The assembly-line delivering invaders to the departure point didn’t stop.
The flood of fighters was unstoppable.
They pushed open a salient along Howell Road into the Buffer-Zone. Squads defending the Buffer-Zone flowed back and to the side.
The invaders pushed to Doan Creek, the western boundary of the BZ and the defenders dropped the portable bridges.
The invader's moved their mortar crews west to the West Branch as the Buffer-Zone crews were push out of the way and out-of-range of the previous positions.
And then the salient stalled due to lack of logistical support. The fighters were hungry and nearly out of ammo. They dug in and waited for the supplies they had been assured were on the way.
In the first light of morning Shelly noticed that a convoy of trucks were assembled on Nickerson Road, two miles east of West Branch river. Ann Arbor was about to reinforce the salient and push through.
It took a second for Shelly to estimate the length of the convoy as slightly longer than a quarter mile. The trucks were parked nose-to-rear bumper in the most anal of military traditions. A man was excitedly gesturing with his arms to the two lead trucks.
Tomanica was right. The entire line of charges detonated sympathetically.
Deprived of food, clean drinking water, ammo and fresh troops, the salient collapsed as the Buffer-Zone troops were able to attack with no logistical constraints.
Bicklebaugh was following events minute-by-minute. As the line collapsed, Bicklebaugh called Sayed’s political officer and directed her to activate the go-to-hell plan.
Pickup trucks with lightly loaded pallets in their beds left a parking lot that was a mile northeast of the main marshalling area. They first headed south and at each major east/west road, one of the trucks peeled off the back of the convoy and headed west toward the West Branch river some 12 miles west.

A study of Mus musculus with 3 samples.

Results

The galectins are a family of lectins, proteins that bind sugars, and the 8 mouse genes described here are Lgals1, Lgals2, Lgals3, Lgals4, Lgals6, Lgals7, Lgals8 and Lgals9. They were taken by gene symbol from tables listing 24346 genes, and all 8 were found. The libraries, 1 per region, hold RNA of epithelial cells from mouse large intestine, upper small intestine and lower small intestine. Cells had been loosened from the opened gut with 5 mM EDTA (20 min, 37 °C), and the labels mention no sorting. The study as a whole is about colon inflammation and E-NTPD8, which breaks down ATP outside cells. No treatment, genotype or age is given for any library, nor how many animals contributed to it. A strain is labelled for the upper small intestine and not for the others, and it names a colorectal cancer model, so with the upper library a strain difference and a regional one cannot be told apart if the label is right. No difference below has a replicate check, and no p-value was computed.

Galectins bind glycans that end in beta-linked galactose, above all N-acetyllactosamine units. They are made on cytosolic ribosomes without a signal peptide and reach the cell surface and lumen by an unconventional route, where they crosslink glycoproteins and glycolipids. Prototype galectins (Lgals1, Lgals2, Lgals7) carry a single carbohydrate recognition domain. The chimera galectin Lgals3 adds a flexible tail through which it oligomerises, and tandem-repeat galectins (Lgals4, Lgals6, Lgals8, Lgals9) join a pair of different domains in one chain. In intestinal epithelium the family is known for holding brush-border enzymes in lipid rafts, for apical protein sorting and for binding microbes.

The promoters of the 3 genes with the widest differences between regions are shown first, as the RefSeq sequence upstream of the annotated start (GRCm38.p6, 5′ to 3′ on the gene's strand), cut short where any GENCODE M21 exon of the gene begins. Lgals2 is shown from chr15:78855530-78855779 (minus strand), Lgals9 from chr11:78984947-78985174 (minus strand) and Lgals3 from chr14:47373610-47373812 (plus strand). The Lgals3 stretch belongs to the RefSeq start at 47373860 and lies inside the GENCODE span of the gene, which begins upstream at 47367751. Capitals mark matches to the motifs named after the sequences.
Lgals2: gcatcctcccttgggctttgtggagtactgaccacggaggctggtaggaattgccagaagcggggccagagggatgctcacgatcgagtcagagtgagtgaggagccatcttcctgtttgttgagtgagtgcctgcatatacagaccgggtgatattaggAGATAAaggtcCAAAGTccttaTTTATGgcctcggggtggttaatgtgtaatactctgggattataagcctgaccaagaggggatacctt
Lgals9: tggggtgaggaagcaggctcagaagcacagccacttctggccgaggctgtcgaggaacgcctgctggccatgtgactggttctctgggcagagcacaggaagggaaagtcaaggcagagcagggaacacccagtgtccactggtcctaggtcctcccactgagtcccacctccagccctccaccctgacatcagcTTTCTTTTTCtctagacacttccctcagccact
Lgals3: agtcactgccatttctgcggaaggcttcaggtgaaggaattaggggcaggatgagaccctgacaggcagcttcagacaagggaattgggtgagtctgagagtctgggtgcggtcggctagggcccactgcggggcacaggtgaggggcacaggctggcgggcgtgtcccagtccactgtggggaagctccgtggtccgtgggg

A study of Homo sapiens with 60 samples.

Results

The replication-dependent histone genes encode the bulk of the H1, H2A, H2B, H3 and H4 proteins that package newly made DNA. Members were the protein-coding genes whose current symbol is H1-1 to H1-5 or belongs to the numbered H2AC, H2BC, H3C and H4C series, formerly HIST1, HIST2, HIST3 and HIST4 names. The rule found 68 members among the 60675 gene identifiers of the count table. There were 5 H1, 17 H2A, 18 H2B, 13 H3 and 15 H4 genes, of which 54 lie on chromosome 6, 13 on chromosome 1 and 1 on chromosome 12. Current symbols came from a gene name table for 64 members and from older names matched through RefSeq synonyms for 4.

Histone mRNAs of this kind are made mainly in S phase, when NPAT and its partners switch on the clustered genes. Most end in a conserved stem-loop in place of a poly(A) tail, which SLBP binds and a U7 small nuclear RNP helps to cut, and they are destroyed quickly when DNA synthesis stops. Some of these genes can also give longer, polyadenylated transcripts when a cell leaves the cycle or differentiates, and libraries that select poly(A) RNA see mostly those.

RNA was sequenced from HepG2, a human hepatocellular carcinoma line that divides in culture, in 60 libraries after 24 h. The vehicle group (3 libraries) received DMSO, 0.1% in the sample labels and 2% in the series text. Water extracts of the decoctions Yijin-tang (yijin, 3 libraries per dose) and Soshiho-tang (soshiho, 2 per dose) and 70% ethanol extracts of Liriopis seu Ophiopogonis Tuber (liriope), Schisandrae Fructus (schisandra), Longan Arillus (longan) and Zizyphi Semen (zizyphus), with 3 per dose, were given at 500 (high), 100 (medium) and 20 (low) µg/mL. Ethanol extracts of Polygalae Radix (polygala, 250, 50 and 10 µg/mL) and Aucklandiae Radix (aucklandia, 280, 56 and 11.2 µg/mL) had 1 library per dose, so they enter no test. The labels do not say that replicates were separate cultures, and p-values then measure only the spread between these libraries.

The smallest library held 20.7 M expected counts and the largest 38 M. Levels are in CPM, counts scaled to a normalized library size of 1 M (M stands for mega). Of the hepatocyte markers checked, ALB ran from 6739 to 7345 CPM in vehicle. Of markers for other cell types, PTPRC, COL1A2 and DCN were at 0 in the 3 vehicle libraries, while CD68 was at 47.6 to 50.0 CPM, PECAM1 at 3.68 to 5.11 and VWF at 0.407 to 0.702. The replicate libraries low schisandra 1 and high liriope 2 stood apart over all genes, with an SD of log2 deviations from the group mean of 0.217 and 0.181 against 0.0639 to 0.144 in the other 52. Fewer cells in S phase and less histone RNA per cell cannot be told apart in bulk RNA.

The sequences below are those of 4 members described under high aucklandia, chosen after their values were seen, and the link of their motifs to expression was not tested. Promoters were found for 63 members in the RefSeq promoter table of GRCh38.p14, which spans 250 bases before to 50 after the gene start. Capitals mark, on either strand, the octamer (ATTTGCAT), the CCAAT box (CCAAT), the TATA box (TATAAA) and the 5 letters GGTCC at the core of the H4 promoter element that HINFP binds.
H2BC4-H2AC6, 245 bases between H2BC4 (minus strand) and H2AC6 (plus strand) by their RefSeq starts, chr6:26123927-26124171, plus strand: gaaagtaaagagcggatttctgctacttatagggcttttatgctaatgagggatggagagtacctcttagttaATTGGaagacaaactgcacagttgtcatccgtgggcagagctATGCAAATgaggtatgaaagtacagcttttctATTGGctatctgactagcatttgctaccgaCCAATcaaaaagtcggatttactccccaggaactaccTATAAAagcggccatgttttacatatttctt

The trucks moved at a very sedate 20 mph.
Events along the former invader salient were turning into a rout. Fighters were throwing down their rifles and surrendering or were sprinting for the river.
The defenders were gobbling up lost territory at a rate of 1.5 miles per hour.
The Buffer-Zone defenders had a very healthy respect for the invader’s mortars. The best way to defend against them was to be able to counter-battery, move and then counter-battery again.
Consequently, the leading elements of the Buffer-Zone mortar crews were more than two miles closer to the West Branch river than the invader’s crews expected.
Nobody was more surprised than they were when the Buffer-Zone crew dropped a round right in the bed of the pickup truck, detonating the munitions it was carrying.
Fifteen minutes later, Shelly asked Tory to drop a little bit so she could get a better look at things.
In an ever-widening swath that extended downwind from the demolished mortar installation and pickup truck, the fields of tall grass were littered with dead and convulsing fighters.
Climbing for elevation, Shelly asked “What do you think that is?”
“I am not sure, but I sure as hell know I don’t want them dropping that on our guys” Tory said.
“Eats-to-Dmitri, Eats-to-Dmitri. We gotta problem.” Tory transmitted.
“What’s biting you?” Dmitri asked in his heavy, Romanian accent.
“Not what is biting us. What is gonna be biting you.” Tory said. Tory was not privy to Dmitri’s physical location. Security measures.
“We have evidence of toxic fumes from a truck that was delivering munitions to the invader’s mortar site near Denis Road.” Tory said.
Dmitri made a non-committal “Hmmm.” sound.
“Are there trucks delivering to any of the other sites?” Dmitri asked.
Thirty seconds later Tory confirmed “Yes and Yes.”
“How quickly can you call the EXACT location of those trucks?” Dmitri asked.
“I guess we are going to find out” Tory responded. She was near the north end of the Buffer-Zone.
The maximum, safe speed of the Zenith listed in the handbook was listed as 85 miles per hour. Throttle all the way forward and flying at 5000 feet, Tory clocked the little plane at 105 miles per hour. She was able to cover the fifteen mile front in a skoosh over nine minutes.
Seconds after Shelly, Tory’s spotter, called off the coordinates of the pickup truck the Little Howies started barking. Hither-to-for, the 2.6” howitzers had not been a factor in the battle. In every case, the mortars had more throw-weight and more rounds-per-minute.
After giving Dmitri the coordinates of the trucks, Shelly made minor corrections to the points-of-impact as Tory made a more leisurely northward. When Shelly was calling the impacts, all of the Little Howies except for the closest one ceased fire and Shelly called it into the truck.
Whatever was in the shells in the pickup trucks was picked up by the gentle wind out of the southwest and pushed back into the invader’s avenues of approach.